Saturday, April 28, 2007

Imaginary politics

By Michael J.W. Stickings

I'm not a fan of his work, on the whole, but Gerard Baker has a column up at The Times that is worth a read. It addresses the Fred Thompson phenomenon -- with unusual perception, I might add -- and what that phenomenon says about the current state of American politics. Here's a key passage:

[F]or all his real-world government service and his good conservative credentials, it is hard to escape the feeling that Mr Thompson is lighting up the contest at the moment because he is the Imaginary Candidate. Republican voters, demoralised by their present political condition and unenthused by their current field of candidates, are projecting their hopes and ideals on to a man that most still know best only as an entertainer. Much in his background remains unexamined -- it is not widely known, for example, that before he commanded fictional submarines and prosecuted make-believe criminals, he was a real-life Washington lobbyist, stained, it can be safely presumed, by some of the grime you have to wade through to do that job effectively.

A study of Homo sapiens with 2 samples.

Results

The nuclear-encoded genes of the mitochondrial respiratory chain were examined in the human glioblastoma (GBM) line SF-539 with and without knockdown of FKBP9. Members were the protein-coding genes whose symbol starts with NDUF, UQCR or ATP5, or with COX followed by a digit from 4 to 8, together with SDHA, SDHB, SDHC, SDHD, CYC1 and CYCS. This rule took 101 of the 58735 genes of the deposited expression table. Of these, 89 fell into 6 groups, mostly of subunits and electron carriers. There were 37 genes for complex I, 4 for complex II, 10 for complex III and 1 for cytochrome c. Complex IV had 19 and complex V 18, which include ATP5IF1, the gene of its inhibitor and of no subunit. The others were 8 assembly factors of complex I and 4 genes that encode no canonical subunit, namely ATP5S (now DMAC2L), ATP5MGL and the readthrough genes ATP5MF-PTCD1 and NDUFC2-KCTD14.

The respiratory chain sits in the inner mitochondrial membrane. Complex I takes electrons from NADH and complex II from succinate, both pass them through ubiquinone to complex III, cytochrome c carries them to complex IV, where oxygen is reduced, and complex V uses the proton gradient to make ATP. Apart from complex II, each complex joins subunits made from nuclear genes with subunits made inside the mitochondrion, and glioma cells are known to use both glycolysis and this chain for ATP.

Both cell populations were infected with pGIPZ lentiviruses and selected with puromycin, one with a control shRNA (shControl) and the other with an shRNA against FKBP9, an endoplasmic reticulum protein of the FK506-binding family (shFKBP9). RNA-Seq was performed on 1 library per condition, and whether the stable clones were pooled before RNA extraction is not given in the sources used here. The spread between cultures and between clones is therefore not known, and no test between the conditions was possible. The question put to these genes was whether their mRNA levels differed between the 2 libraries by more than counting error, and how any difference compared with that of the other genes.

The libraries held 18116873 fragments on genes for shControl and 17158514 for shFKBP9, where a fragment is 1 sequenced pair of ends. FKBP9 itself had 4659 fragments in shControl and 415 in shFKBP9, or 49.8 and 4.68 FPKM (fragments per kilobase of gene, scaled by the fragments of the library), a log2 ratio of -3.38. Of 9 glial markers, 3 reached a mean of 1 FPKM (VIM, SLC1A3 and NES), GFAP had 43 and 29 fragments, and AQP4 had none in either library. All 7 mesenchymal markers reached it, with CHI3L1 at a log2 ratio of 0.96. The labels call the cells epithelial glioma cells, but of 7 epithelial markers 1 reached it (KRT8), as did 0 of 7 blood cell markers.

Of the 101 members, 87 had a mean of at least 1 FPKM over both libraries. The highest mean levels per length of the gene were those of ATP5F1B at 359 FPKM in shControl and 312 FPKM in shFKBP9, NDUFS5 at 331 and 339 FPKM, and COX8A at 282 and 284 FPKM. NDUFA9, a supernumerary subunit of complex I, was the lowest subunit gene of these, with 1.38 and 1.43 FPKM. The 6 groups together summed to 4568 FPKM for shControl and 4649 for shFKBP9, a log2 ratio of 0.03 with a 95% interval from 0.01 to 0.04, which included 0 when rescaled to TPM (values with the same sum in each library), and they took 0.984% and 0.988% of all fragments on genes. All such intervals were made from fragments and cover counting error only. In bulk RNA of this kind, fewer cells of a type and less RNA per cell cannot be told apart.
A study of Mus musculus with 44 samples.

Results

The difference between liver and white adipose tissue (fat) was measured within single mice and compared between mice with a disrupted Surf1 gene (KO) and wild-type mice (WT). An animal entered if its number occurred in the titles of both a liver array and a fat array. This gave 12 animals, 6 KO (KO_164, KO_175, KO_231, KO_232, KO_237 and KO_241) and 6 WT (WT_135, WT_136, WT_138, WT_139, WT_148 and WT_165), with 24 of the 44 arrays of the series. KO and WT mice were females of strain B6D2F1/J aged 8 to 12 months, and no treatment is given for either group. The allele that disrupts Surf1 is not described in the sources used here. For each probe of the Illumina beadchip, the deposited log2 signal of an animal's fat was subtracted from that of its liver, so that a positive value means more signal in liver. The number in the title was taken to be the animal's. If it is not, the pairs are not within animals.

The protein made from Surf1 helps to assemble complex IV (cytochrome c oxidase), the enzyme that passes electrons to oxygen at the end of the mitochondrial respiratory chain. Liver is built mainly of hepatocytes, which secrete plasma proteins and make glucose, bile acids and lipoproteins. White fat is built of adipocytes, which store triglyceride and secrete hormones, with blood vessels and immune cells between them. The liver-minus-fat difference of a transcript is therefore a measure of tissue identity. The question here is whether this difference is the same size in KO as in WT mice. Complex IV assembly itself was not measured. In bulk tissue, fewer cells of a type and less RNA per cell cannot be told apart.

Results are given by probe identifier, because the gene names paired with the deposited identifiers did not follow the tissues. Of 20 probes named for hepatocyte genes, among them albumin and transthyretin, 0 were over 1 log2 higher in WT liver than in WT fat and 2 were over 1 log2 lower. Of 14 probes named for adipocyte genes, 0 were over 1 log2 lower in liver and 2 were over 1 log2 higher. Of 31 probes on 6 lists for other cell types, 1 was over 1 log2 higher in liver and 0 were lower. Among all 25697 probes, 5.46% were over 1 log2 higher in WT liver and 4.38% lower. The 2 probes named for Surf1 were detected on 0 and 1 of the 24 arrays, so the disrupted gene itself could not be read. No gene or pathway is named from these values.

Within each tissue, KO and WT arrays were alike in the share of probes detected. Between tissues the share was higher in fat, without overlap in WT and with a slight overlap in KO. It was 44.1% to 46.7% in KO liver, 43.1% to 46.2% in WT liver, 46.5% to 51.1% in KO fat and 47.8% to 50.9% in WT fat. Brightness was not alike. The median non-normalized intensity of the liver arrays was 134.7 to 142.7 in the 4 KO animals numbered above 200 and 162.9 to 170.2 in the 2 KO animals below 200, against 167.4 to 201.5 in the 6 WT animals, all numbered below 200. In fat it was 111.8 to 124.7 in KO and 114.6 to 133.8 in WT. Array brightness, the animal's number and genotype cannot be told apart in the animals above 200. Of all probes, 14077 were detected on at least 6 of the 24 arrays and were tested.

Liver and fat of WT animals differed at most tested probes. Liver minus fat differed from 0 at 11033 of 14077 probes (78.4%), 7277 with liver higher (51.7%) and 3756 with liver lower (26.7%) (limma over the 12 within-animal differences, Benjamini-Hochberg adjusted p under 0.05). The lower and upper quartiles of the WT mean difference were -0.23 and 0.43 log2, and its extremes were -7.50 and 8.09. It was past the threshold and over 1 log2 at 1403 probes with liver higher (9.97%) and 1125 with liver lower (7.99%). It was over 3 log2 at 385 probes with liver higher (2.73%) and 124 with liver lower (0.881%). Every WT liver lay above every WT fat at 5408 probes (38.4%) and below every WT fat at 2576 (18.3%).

And that's just part of it. What Baker fails to mention is that Thompson was also McCain's close ally in the Senate -- and we all know what the Republican base and conservatives generally think of McCain. Thompson was even a co-sponsor of McCain-Feingold, that hated piece of legislation that to the right restricts political speech but to the more sober and sensible was an effort to make politics more equitable. And there's muc more. At Slate, John Dickerson recently examined Thompson's other "problems": He was "soft on Clinton" -- Bill, that is). He's a federalist, not a nationalizing theocrat. Like John Edwards, he used to be one of those despised trial lawyers.

Thompson is no Reagan, in other words, but he nonetheless fits the mood of the electorate. Baker again:

The excitement around Mr Thompson reveals not just a dissatisfaction with the available Republican contenders, but a much larger escapism on the part of voters, anxious to flee the present-day horrors of real-life Washington. Barack Obama, suddenly now becoming the leading Democratic contender, may not have acted in any movies but his message of hope and change offers the same idealised blank slate for Democrats disillusioned by their own tired and uninspiring leaders.

And who can blame the American electorate for feeling this way? "President George Bush's ineptitude and increasingly bunkered immobilism makes Americans yearn for something new, even if it may not be wholly believable."

A fake, after all, is better than a failure.